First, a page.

A 12-year- old once told me, “I love big words. They taste delicious.” I couldn’t agree more, but I am not as discerning. I love all words. I love the power of words and the difference just the right one can make in a story. So, let me help you with any writing or editing projects you have. I’ll help you find the most delicious words.
As a young teacher in the 1960s, all Jonathan Kozol wanted to do was to share his passion for great literature with his students. So he read them poems. He read poems by William Butler Yeats, and he read poems by Robert Frost. The principal applauded him. But then Kozol read Langston Hughes poems to his students and he was fired.
Nothing much surprises Chris Crutcher, author of numerous young adult novels, including Ironman, Whale Talk, Staying Fat for Sarah Byrnes, and Stotan!. Having worked extensively as a therapist for those experiencing child abuse and neglect, Crutcher has seen the dark underbelly of life.
In the ancient Chinese philosophy of Taoism, followers strive to bring harmony to the universe through the balance of opposites.
So too has Ping Fu, MS ‘90 ENG, carefully negotiated a balancing act in the course of her life. Moving from the violence of China’s Cultural Revolution to the positivity of America’s entrepreneurial climate, Fu has counteracted despair with hope, chaos with order, and survival mode with serenity.
The day I meet her, Ollie Watts Davis MMUS ‘82 FAA, AMUSD’88 FAA, wears an ivory pants suit, rings on four of her fingers, piles of bracelets on each wrist, red nail polish and matching lipstick. There is just no other way to say this: she is gorgeous. She exudes a stunning positive energy as well, accompanied with a smile so bright that, as Frank Sinatra crooned, “she walks by and dims the sunlight’s gleam.”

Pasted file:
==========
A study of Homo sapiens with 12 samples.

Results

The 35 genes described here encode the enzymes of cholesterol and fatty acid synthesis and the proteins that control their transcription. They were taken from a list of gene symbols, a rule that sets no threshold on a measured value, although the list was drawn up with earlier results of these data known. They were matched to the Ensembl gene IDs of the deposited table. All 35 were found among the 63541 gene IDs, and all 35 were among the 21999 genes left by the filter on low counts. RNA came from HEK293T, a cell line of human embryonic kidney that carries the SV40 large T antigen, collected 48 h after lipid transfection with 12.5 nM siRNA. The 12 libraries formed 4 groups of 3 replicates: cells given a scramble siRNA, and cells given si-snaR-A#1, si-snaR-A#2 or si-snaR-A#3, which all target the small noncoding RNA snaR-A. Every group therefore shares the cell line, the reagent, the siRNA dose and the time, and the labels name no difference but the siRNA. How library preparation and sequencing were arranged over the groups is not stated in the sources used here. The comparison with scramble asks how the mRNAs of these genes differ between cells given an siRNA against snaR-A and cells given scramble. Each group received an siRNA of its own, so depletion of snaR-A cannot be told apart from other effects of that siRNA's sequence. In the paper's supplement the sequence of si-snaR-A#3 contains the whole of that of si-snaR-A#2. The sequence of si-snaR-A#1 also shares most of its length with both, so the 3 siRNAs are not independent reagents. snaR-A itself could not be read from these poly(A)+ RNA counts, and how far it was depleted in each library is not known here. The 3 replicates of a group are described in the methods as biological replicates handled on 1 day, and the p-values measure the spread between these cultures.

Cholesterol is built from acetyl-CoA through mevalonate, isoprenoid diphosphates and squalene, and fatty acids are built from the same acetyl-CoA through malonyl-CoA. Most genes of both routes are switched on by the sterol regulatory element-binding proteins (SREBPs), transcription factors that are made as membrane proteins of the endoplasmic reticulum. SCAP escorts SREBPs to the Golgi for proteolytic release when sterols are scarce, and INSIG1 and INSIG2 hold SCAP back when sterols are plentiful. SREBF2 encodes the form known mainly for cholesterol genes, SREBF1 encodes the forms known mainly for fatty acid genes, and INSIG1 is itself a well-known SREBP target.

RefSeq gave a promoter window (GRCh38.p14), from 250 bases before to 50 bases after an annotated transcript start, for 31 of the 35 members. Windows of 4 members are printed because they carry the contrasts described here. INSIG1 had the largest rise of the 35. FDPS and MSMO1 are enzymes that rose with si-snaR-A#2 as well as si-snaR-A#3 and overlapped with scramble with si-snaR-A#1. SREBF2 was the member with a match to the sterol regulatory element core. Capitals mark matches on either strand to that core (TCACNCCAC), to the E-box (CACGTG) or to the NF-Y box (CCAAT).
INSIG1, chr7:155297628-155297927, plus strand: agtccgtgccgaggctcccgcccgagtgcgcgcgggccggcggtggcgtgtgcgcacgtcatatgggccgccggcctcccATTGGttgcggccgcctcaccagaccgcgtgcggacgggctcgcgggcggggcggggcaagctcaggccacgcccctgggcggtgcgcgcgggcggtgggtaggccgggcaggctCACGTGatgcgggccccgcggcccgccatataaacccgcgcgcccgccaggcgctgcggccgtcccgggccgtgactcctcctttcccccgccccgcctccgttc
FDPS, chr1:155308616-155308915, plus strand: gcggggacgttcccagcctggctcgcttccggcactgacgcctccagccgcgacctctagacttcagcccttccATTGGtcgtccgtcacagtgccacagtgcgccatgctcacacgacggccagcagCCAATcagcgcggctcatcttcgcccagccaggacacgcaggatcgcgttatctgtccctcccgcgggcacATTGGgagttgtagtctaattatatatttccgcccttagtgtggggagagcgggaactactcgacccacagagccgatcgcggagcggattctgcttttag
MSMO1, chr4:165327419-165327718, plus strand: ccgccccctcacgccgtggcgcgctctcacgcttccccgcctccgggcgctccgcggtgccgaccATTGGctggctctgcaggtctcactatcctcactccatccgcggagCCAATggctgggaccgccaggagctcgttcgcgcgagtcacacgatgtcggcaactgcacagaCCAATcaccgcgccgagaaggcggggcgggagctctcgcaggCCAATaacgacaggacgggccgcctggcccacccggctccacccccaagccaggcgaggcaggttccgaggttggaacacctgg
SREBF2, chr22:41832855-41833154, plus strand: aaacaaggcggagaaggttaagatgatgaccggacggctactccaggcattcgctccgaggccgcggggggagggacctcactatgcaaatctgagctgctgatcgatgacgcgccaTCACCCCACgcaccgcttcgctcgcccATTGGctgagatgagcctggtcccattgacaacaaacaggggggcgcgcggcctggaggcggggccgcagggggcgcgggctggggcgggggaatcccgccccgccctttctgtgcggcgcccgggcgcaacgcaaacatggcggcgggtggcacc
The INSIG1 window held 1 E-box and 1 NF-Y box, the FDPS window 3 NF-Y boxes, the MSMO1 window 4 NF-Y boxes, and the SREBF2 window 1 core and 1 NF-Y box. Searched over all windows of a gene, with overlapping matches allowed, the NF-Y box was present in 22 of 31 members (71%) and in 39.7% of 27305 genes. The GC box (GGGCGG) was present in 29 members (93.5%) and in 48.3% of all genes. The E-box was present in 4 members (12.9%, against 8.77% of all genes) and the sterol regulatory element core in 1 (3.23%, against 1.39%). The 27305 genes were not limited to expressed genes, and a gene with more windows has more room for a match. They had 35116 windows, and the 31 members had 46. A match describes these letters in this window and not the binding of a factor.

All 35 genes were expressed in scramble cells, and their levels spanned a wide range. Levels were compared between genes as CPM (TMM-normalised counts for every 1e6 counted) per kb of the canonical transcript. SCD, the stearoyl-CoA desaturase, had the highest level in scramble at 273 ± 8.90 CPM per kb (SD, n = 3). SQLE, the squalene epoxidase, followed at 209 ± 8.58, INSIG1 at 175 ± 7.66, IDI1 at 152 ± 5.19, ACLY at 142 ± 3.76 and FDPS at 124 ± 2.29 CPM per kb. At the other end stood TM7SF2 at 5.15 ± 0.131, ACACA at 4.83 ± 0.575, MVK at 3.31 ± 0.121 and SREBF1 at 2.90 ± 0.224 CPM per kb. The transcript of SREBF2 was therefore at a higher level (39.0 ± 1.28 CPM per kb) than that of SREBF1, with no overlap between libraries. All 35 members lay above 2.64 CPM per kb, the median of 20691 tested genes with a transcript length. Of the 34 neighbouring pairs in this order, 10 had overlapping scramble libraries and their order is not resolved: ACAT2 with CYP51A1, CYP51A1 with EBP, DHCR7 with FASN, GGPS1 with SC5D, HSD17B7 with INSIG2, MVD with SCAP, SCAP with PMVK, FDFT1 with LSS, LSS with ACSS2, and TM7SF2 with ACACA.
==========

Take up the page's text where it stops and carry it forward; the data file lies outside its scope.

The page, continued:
A mere generation or two ago, a strong back, stamina and loyalty were a guarantee of regular employment. But with the rise of the high-technology sector and the gradual shifting of the economy away from agriculture and manufacturing, brainpower is the name of the game these days.
For more than half a century, Nobel Prize-winner and concentration camp survivor Elie Wiesel (pronounced EH-lee vee-ZEL), has used his voice and his influence to make sure the world never forgets the atrocities committed by the Nazis during World War II.
“There may be times when we are powerless to prevent injustice, but there must never be a time when we fail to protest,” he said in his 1986 Nobel Prize acceptance speech.
What do class discussions, quick writes, reader response journals, quizzes, and writing conferences all have in common? They are all examples of the wide range of classroom-based activities that teachers use to measure how well their students are learning.